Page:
A Fatal Flaw with Climate Models

Well worth reading. Here’s the key paragraph:

The IPCC has looked at a number of different cases and it reports that temperatures could be, in the worst case, up to 4 ̊C higher by 2100. However, based on Frank’s work, when considering the errors in clouds and CO2 levels only, the error bars around that prediction are ±15 ̊C. This does not mean–thankfully– that it could be 19 ̊ warmer in 2100. Rather, it means the models are looking for a signal of a few degrees when they can’t differentiate within 15 ̊ in either direction; their internal errors and uncertainties are too large. This means that the models are unable to validate even the existence of a CO2 fingerprint because of their poor resolution, just as you wouldn’t claim to see DNA with a household magnifying glass.

All scientists understand confidence intervals. Which leads me to wonder why climate scientists don’t (or won’t, or can’t).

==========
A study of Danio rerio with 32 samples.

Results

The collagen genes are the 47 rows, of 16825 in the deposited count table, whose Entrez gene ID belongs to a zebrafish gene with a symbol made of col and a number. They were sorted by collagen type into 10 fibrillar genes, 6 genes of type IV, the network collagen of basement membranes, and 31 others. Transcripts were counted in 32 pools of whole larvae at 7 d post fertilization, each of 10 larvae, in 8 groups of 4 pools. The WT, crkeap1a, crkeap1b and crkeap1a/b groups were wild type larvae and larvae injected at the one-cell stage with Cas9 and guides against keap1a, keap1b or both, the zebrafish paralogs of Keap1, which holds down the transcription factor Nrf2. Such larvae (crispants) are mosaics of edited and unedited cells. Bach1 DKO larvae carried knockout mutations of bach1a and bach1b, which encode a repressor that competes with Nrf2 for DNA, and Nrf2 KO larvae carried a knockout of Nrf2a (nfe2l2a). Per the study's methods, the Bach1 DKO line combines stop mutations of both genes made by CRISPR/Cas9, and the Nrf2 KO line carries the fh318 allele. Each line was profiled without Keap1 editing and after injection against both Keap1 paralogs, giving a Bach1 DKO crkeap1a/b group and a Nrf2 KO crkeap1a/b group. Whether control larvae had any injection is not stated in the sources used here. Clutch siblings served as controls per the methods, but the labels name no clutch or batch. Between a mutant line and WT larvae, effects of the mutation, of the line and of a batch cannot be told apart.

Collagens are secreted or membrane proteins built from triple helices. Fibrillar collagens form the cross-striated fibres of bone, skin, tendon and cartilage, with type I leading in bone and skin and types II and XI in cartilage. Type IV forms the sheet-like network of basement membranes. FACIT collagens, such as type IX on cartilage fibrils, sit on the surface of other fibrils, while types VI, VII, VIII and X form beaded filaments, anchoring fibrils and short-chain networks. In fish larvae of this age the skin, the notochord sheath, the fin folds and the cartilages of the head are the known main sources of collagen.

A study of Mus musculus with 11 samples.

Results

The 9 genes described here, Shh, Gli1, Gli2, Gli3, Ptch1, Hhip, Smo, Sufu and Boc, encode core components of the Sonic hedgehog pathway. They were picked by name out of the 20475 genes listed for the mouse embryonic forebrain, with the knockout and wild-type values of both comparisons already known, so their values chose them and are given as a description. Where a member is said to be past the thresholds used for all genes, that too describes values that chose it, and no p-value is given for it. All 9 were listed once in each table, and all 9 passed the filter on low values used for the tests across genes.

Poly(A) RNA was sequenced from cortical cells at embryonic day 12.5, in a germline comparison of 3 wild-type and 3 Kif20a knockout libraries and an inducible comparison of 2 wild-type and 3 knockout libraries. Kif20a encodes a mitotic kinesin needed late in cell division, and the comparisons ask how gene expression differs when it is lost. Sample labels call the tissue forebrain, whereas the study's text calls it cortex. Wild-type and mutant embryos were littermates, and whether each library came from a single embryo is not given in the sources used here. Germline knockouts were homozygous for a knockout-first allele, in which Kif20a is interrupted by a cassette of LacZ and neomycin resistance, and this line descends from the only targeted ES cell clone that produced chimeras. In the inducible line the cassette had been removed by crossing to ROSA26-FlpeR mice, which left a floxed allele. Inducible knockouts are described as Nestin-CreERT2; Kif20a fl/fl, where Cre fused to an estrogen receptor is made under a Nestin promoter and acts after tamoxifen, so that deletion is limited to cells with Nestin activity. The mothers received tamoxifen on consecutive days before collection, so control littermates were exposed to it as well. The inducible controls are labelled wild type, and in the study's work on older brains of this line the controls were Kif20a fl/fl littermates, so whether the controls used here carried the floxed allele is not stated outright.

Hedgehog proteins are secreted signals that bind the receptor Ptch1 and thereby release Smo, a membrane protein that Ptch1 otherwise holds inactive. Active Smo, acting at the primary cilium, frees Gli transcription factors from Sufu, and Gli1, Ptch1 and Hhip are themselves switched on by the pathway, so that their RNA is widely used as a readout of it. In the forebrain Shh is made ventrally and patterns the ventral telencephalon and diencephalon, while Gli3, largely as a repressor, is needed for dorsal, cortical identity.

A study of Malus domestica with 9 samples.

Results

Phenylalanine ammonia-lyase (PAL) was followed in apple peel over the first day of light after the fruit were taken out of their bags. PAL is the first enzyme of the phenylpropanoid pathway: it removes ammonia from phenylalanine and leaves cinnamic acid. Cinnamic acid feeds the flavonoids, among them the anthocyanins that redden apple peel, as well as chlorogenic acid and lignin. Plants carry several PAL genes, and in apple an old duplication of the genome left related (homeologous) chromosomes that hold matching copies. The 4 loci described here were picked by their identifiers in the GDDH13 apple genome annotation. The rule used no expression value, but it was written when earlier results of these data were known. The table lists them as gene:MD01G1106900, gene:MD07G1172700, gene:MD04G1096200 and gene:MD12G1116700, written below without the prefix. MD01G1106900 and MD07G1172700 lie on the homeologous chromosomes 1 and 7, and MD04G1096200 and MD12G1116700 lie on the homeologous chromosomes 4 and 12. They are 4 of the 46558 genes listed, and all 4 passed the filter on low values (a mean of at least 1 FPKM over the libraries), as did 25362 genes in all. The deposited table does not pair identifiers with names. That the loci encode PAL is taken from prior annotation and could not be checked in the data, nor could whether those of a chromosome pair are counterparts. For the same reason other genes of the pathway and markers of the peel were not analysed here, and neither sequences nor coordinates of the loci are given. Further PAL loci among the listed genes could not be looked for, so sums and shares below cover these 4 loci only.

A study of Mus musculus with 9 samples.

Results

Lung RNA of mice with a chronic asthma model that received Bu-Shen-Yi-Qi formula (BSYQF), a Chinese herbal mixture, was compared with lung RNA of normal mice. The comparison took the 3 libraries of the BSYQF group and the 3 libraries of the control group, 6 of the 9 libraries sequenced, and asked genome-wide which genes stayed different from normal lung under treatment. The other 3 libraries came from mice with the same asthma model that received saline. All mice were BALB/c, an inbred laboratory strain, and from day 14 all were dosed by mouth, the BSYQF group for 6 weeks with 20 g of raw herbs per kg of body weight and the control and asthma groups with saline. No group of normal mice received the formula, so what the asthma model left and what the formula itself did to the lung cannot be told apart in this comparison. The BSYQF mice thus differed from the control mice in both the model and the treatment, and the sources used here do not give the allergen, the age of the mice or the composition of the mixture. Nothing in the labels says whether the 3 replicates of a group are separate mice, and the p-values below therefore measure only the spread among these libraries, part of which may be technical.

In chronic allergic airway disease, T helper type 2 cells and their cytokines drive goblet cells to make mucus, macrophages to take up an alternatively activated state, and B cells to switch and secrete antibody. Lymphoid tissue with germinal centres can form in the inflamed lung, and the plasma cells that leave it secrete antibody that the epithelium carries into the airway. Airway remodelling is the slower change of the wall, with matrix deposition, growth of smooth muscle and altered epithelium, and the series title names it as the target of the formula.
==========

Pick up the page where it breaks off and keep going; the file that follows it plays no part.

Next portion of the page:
Some of the backstory: 

Patrick Frank is a scientist at the Stanford Synchrotron radiation Lightsource (SSRL), part of the SLAC (formerly Stanford Linear Accelerator Center) national Accelerator Laboratory at Stanford University. The SSLR produces extremely bright x-rays as a way for researchers to study our world at the atomic and molecular level.

In a bit of a shift, Frank has shone a bright light on general circulation models (GCMs)–models used to predict long-term changes in climate–and illuminated some fatal flaws. His bottom line is that these models, as they stand today, are useless for helping us understand the relationship between greenhouse gas emissions and global temperatures. This means that all the predictions of dramatic impending warming and ancillary calls for strong government action are based on conjecture.